Researchers find evidence that, even in early societies, great inequality was followed by big uprisings. That might be on our horizon.


Last week, researchers at 14 institutions around the world published findings that, across the world and over time, disparities in wealth rise as societies grow economically and increase in social organization. Inequality keeps growing until something significant derails it.

Even prehistoric evidence shows patterns in which peaks of inequality were followed by valleys of violence that reduced the gaps between social layers.

We live in a period of extreme inequality in the U.S. and in our region.

Congress is working on tax legislation that will benefit the wealthiest families and the biggest corporations while pushing most people further behind, widening an already obscene gap between the top and everyone else.

Meanwhile, Seattle’s City Council is looking at ways to shrink the gap. Each possibility has significant downsides, and none would make a huge difference.

The causes of social change are usually a mix of factors, but inequality figures prominently across history. Early this year, Stanford historian Walter Scheidel published a book arguing that it takes something really bad — wars, pandemics or social unrest — to roll back inequality. The book: “The Great Leveler: Violence and the History of Inequality from the Stone Age to the Twenty-First Century.”

We already know that more-unequal societies have a long list of problems, including poorer health outcomes for rich and poor alike, but the possibility that the solution may require a dramatic uprising caught my attention.

Tim Kohler, a professor of archaeology and evolutionary anthropology at Washington State University, was among the researchers who wrote about wealth disparities, for the journal Nature. He told me that “over the last four or five years, I’ve been thinking about this more, whether there might be pernicious effects from the levels of inequality we see in many places today.”

Since the 1970s, Kohler has been studying prehistoric societies in the American Southwest. In the absence of written records, he’s found other ways to measure levels of wealth and inequality — housing sizes, food stores, the presence or absence of luxury items such as artifacts that would have been acquired from distant cultures. That and other data are analyzed to give an indication of the degree of wealth disparity in a given society at a particular time.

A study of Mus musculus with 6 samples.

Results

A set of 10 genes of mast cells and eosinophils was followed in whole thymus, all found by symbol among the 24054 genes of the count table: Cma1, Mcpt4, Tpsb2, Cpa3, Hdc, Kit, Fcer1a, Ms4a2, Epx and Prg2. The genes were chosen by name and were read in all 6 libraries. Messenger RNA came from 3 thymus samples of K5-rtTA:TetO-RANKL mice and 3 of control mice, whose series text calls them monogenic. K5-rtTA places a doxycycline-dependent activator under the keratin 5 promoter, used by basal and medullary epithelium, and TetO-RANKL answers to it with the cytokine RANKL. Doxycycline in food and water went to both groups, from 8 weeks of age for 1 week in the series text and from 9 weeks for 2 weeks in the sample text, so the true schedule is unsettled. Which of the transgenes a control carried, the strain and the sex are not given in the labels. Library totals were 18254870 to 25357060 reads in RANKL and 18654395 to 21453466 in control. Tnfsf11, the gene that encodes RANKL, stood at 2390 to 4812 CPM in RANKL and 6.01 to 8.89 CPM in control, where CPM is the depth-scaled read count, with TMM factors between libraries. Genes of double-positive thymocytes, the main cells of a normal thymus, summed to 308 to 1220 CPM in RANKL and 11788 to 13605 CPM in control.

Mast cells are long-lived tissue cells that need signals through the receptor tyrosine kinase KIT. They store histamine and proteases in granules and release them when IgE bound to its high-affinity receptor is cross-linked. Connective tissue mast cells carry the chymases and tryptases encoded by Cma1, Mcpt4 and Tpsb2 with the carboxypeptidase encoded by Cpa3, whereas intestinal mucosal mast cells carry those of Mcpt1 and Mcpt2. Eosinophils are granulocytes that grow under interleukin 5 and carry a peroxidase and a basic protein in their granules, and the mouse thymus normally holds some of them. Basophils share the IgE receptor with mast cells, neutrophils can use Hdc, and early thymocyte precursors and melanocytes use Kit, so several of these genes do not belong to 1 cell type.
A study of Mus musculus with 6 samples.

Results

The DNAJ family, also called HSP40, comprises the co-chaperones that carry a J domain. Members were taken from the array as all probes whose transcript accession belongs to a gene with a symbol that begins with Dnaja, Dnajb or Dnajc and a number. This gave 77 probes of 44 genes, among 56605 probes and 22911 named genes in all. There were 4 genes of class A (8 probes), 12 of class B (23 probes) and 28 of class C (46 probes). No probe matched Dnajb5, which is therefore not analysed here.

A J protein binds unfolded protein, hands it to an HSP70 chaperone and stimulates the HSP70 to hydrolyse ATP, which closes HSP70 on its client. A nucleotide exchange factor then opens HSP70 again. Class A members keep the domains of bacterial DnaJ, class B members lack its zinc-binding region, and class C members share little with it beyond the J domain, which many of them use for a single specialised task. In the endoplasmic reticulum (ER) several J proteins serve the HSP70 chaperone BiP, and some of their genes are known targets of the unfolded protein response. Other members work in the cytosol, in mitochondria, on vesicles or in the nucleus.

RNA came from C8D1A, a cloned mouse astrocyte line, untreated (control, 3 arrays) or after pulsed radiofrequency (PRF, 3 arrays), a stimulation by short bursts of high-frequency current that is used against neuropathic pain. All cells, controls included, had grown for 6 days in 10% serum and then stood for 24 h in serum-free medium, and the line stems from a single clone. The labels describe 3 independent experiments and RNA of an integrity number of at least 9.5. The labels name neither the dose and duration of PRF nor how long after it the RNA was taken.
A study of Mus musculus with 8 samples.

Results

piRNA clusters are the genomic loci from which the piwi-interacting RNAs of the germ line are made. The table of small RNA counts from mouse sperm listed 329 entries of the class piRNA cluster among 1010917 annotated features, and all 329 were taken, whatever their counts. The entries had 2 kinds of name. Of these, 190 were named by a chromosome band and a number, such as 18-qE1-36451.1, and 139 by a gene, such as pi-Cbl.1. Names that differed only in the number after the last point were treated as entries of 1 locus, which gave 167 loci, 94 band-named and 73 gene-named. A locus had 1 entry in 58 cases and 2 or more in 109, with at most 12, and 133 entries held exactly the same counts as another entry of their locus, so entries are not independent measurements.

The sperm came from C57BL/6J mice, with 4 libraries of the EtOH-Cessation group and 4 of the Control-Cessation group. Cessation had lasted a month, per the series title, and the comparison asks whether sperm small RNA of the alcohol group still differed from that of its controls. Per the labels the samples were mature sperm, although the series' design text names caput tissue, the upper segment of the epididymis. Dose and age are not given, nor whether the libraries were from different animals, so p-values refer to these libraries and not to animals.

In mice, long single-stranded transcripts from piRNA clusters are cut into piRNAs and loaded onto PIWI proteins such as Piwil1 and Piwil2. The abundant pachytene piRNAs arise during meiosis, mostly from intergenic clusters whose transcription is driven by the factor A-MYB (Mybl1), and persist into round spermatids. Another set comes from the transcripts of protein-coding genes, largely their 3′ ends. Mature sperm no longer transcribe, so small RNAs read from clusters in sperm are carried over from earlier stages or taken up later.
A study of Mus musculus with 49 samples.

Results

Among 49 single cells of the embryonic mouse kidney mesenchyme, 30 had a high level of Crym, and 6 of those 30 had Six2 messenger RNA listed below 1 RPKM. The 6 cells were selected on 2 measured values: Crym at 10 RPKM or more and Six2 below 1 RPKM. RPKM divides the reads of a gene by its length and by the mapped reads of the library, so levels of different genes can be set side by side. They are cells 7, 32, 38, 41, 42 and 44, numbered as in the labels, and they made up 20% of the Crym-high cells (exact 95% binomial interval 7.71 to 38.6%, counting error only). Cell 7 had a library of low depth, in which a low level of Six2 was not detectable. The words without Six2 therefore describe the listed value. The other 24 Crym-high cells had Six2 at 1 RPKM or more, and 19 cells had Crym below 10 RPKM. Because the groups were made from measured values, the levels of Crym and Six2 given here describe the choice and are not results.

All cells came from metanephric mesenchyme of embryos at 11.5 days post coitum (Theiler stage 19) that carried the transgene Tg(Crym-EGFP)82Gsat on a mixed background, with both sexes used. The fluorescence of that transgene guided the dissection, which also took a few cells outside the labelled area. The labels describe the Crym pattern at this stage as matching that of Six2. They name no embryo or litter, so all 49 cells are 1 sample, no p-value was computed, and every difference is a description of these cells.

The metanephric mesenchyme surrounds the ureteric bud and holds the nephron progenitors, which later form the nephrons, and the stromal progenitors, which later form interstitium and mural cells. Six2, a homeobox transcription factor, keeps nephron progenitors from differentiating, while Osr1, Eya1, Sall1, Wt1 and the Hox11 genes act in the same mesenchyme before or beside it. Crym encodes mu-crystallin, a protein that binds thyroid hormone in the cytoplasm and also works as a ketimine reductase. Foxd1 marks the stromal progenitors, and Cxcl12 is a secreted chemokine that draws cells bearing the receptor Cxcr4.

In his studies of the Pueblo people, he’s found periods in which wealth disparities grow large. “At the end of each period,” he said, “there was a spike in violence, then a decrease in wealth disparities.”

Kohler studied several cycles of that pattern and said there are a couple of ways to interpret it. The declines in wealth disparities and the increases in violence could be caused by a third factor, perhaps lower agricultural production. Or it could be that the high degree of wealth disparities causes the increase in violence.

An article in The Conversation he co-wrote with WSU anthropologist Kyle Bocinsky last year said new research shows that droughts didn’t cause disruption in the absence of social disruption.

Kohler said, “Some degree of inequality is a function of a healthy society.” He asked me to think about what it would be like if everyone were living at a subsistence level and just scraping by. We’d all be equal, but how good a life would that be?

There has to be some surplus before there is inequality, but it’s also surplus that allows for social, scientific and artistic advances.

“Inequalities are a mark of advance,” he said, “but they can they get so high that they can have negative effects.” He mentioned research that shows a whole range of problems that accompany high levels of inequality — high infant mortality, high incarceration rates, less social mobility, etc.

Many other wealthy nations have found a balance that keeps inequality from becoming a destabilizing problem. Runaway inequality isn’t inevitable, but the U.S. has chosen policies (regressive taxes, a limited social safety net, lax regulation of some big businesses) that make it an outlier, with one of the greatest disparities between the very wealthy and the rest of society.

And right now, government at the highest levels is pursuing even greater inequality. If that doesn’t change, we’re headed for one kind of disaster or another.